Ames Department Stores, Inc. is pleased to welcome you to our internet site to learn more about our company. Whether you are an Ames customer, associate, shareholder or investor, our site has something to offer. We invite you to learn more about Ames, its history, and its commitment to customer service.

Ames began in 1958 when two Connecticut brothers, Milton and Irving Gilman, opened their first store in the Ames Worsted Textile Co. mill in Southbridge, Mass.

Ames' original business strategy was radical: bring discounting to the underserved smaller towns and rural areas of the Northeast. Ames’ broad product mix, discount pricing and convenient shopping hours were enormously popular with customers.

Ames’ success spurred an aggressive growth period from 1978-1988. Combining a new store building program with acquisitions of other discount chains such as Neisner Brothers, Kings and G.C. Murphy, Ames grew to 450 stores by 1985.

The 1988 acquisition of the 392-store Zayre discount division, however, brought a sharp reduction in profitability, and Ames filed for protection under Chapter 11 of the U.S. Bankruptcy Code in April 1990.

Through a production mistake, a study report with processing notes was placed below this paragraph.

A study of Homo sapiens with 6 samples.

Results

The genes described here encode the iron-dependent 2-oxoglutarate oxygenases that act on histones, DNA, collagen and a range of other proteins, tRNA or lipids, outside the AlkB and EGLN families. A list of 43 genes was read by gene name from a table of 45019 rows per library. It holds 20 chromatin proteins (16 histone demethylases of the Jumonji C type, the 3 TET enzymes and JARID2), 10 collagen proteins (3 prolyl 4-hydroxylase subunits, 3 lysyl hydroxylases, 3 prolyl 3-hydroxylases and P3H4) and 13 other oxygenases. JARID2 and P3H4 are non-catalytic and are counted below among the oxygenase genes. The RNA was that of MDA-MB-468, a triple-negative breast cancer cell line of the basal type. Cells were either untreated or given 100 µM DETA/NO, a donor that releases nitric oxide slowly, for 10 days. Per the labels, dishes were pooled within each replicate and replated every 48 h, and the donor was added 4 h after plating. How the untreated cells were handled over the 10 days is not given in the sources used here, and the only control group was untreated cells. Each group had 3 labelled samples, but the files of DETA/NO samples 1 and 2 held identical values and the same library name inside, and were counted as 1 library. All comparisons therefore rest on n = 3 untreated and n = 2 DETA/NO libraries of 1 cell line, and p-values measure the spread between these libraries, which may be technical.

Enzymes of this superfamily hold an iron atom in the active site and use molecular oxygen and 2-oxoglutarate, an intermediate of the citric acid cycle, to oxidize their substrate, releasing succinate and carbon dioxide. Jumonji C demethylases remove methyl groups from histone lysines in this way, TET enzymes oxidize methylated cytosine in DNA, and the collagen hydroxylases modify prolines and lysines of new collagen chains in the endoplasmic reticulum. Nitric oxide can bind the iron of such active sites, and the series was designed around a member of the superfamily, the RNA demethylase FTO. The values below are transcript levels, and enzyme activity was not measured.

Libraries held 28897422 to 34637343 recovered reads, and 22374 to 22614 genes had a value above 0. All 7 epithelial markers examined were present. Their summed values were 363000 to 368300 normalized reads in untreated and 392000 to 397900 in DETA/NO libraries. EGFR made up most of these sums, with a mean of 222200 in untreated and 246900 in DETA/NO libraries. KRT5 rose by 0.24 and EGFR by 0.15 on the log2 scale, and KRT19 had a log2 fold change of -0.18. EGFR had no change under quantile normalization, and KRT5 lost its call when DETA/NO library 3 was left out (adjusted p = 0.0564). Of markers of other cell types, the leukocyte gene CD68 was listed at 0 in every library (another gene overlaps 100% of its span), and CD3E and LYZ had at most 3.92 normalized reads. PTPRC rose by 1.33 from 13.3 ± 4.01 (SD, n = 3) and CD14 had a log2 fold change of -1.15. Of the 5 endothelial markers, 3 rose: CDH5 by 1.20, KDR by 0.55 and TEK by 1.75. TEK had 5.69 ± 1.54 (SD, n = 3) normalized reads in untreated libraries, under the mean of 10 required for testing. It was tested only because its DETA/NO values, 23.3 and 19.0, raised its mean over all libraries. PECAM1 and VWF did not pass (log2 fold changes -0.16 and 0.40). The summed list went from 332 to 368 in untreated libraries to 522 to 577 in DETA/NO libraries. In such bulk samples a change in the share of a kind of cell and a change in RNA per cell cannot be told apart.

After successfully emerging from bankruptcy on December 30, 1992, the company returned to profitability in fiscal 1993 and operating performance has continued to improve. The Company has also implemented a unique program offering special discounts for customers 55 and older, the 55 Gold® Savings Card, and a special purchase program, Special Buys, to generate customer excitement by offering substantial savings on close-out merchandise, prominently displayed throughout the stores' main traffic aisles.

Under the leadership of President and Chief Executive Officer, Joseph R. Ettore, a 36-year retailing veteran, management is focusing on targeted expansion (Ames acquired 155 Hills stores in December 1998); maintaining a customer-friendly environment with appealing merchandise presentations, customer service, and strict chainwide operational and financial controls.

For more information, inquire via e-mail.